Must See (And Wear) Fall Wardrobes

Few items in your wardrobe scream “back to school” quite like the outerwear icon that is the peacoat. The name, reportedly derived from the Dutch word pij, meaning coarse wool, first appeared in the Oxford English Dictionary way back in the early 18th century. Though it’s a collegiate classic now, the clean-lined, rugged coat actually has military roots—it was initially adopted by British midshipmen before becoming the go-to for many of Europe’s naval fleets.

Caroline de Maigret

Caroline de Maigret

Despite its naval heritage, we can’t help but picture the peacoat as the ultimate school uniform, its broad collar flipped up to shield students against brisk fall breezes as they bound across campus. To celebrate a coat with serious school spirit (which we’re excited to offer a grown-up version of), we share eight of our favorite school-themed movies. Ready that Netflix queue.

Dead Poets Society (1989)

Robin “O captain, my captain” Williams plays an unconventional English professor at a private Vermont boarding school who inspires his wide-eyed students (Ethan Hawke and Robert Sean Leonard among them) to seize the day, or rather, carpe diem.

Fast Times at Ridgemont High (1982)

“Aloha, my name is Mr. Hand.” Memorable lines abound in this cult classic comedy that traces (hilariously) the academic and romantic woes of a group of California high schoolers. It also boasts what is, quite possibly, the most memorable pool scene ever, involving Phoebe Cates, a red bikini and The Cars’ “Moving in Stereo.”

Fame (1980)

As the tagline goes: “If they’ve really got what it takes, it’s going to take everything they’ve got.” The film chronicles the lives of students at New York City’s High School of the Performing Arts (it actually exists; the current student roster includes Madonna’s daughter, Lourdes) who are working for much more than a diploma.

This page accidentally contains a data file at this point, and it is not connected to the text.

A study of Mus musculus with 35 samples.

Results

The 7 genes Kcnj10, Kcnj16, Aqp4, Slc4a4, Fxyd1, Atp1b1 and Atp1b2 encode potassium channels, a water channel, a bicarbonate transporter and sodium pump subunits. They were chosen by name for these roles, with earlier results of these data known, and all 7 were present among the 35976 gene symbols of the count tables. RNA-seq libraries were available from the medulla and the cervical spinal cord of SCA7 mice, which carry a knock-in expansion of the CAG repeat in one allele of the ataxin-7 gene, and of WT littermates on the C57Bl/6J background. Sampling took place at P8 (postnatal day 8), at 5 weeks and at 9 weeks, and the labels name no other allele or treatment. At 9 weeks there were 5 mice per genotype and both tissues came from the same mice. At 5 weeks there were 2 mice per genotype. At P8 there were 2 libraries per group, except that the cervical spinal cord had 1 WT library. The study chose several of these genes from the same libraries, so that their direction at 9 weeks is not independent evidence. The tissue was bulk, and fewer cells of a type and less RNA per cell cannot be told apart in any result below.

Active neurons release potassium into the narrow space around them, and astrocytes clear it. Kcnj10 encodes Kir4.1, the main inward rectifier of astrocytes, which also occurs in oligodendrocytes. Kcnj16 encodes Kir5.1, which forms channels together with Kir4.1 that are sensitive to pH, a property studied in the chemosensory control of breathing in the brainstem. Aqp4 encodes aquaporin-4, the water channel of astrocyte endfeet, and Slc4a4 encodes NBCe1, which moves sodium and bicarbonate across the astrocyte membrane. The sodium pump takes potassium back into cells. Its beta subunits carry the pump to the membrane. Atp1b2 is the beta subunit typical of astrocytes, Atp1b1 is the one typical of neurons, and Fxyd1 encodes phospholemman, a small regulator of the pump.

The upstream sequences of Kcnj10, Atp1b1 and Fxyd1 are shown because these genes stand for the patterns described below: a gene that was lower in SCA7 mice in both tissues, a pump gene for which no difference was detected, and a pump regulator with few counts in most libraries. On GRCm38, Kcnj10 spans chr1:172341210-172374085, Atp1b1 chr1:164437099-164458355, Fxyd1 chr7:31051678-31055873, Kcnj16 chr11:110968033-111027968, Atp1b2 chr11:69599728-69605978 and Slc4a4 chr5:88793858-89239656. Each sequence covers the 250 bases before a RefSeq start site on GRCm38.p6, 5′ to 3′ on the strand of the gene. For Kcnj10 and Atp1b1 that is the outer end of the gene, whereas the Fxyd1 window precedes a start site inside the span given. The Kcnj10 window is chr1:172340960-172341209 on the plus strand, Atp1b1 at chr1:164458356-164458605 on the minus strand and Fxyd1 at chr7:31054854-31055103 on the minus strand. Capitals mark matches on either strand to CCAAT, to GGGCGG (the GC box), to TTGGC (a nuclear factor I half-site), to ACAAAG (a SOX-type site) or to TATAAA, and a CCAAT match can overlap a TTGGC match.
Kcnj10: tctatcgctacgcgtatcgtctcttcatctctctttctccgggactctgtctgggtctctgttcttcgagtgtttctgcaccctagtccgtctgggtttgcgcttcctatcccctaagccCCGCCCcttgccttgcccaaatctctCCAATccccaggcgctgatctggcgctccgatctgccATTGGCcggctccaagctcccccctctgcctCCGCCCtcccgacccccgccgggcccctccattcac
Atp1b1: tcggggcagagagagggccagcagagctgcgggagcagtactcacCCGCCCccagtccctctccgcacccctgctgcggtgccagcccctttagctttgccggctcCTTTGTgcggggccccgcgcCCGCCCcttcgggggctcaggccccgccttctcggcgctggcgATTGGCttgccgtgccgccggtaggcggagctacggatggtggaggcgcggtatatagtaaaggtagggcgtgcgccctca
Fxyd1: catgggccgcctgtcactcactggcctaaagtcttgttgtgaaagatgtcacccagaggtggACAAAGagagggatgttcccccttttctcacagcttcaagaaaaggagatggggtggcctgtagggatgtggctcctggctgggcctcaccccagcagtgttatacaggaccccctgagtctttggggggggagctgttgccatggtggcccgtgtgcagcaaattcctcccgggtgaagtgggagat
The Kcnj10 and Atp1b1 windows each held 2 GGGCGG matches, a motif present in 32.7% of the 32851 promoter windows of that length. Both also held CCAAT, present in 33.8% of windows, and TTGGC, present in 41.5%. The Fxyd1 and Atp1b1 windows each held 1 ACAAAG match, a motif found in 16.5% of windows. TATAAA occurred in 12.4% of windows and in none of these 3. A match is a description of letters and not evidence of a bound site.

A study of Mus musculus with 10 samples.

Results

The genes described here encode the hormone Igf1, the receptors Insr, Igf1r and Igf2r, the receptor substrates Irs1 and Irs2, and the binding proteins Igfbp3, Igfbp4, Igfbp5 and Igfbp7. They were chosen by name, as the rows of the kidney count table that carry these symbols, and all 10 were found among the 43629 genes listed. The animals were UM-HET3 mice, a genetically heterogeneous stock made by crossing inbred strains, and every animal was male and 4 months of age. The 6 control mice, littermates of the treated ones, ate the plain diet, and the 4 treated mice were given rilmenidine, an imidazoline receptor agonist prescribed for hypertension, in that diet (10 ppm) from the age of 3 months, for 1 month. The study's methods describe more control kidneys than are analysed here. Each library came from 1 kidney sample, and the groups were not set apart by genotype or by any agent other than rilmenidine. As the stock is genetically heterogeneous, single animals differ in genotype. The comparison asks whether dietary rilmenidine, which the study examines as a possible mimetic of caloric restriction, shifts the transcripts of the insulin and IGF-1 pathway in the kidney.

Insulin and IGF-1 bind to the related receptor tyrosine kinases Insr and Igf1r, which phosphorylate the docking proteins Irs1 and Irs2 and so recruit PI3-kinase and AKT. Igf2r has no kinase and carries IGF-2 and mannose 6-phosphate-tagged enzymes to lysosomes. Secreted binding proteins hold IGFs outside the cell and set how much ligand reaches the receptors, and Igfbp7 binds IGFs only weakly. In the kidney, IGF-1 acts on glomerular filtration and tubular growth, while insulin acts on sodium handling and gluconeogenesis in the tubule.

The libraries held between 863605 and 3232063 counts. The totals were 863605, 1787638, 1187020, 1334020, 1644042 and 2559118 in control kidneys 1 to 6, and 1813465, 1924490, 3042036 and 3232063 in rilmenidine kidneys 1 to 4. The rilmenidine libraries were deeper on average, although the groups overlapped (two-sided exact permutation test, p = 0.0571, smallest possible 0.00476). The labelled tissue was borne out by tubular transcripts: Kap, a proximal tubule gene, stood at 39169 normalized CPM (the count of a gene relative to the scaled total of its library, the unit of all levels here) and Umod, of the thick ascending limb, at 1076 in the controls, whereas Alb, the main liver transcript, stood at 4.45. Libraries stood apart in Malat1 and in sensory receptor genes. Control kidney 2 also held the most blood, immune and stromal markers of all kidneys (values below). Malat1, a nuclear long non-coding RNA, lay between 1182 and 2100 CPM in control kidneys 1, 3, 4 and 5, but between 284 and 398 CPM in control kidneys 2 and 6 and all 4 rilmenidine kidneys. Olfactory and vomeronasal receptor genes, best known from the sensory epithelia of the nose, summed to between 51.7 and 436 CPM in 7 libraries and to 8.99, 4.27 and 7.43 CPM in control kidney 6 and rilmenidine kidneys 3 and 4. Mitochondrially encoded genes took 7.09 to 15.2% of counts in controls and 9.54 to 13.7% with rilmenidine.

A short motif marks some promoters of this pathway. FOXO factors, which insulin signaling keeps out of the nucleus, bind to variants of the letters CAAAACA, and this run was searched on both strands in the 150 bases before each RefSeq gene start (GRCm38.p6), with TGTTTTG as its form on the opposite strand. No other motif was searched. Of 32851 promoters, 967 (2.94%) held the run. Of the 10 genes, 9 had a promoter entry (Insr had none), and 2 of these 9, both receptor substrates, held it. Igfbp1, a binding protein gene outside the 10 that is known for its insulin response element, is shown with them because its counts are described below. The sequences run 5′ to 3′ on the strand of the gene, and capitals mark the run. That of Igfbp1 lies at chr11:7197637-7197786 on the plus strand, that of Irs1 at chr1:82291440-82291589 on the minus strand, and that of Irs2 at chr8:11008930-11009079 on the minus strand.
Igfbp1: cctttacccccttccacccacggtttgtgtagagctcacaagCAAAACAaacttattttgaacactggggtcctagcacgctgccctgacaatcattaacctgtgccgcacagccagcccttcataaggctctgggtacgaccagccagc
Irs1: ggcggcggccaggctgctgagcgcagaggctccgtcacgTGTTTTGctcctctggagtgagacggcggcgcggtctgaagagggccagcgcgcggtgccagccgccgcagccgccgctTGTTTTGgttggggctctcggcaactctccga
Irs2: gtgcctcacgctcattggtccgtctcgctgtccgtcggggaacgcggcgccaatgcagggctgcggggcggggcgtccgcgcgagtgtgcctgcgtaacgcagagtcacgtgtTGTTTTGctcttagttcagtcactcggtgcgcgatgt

Election (1999)

Reese Witherspoon is pitch-perfect as Tracy Flick, a blindly ambitious high school student who refuses to let anyone (teachers included; that means you Matthew Broderick) get in the way of her destiny: class president.

Lean on Me (1989)

In this drama based on a true story, Morgan Freeman plays domineering principal “Crazy” Joe Clark, who is brought in to help revive an ailing inner-city school.

Rushmore (1998)

Quirky director par excellence Wes Anderson’s second feature stars Jason Schwartzman as precocious Max Fischer, a beret-wearing, extracurricular-obsessed student at prep school Rushmore who forges an unusual friendship with an eccentric mogul (Bill Murray) and falls hard for a teacher (“she was my Rushmore”).

The Perks of Being a Wallflower (2012)

Step-siblings Sam and Patrick (Emma Watson and Ezra Miller, respectively) adopt shy freshman Charlie (Logan Lerman), who is coping with mental illness and the suicide of his best friend, into their circle of friends in this honest, endearing portrait of high school, based on the Stephen Chbosky book of the same name.

The Breakfast Club (1985)

“Each one of us is a brain, an athlete, a basket case, a princess and a criminal.” High school stereotypes dissolve, albeit temporarily, during weekend detention in this John Hughes masterpiece featuring brat pack queen Molly Ringwald and a killer soundtrack.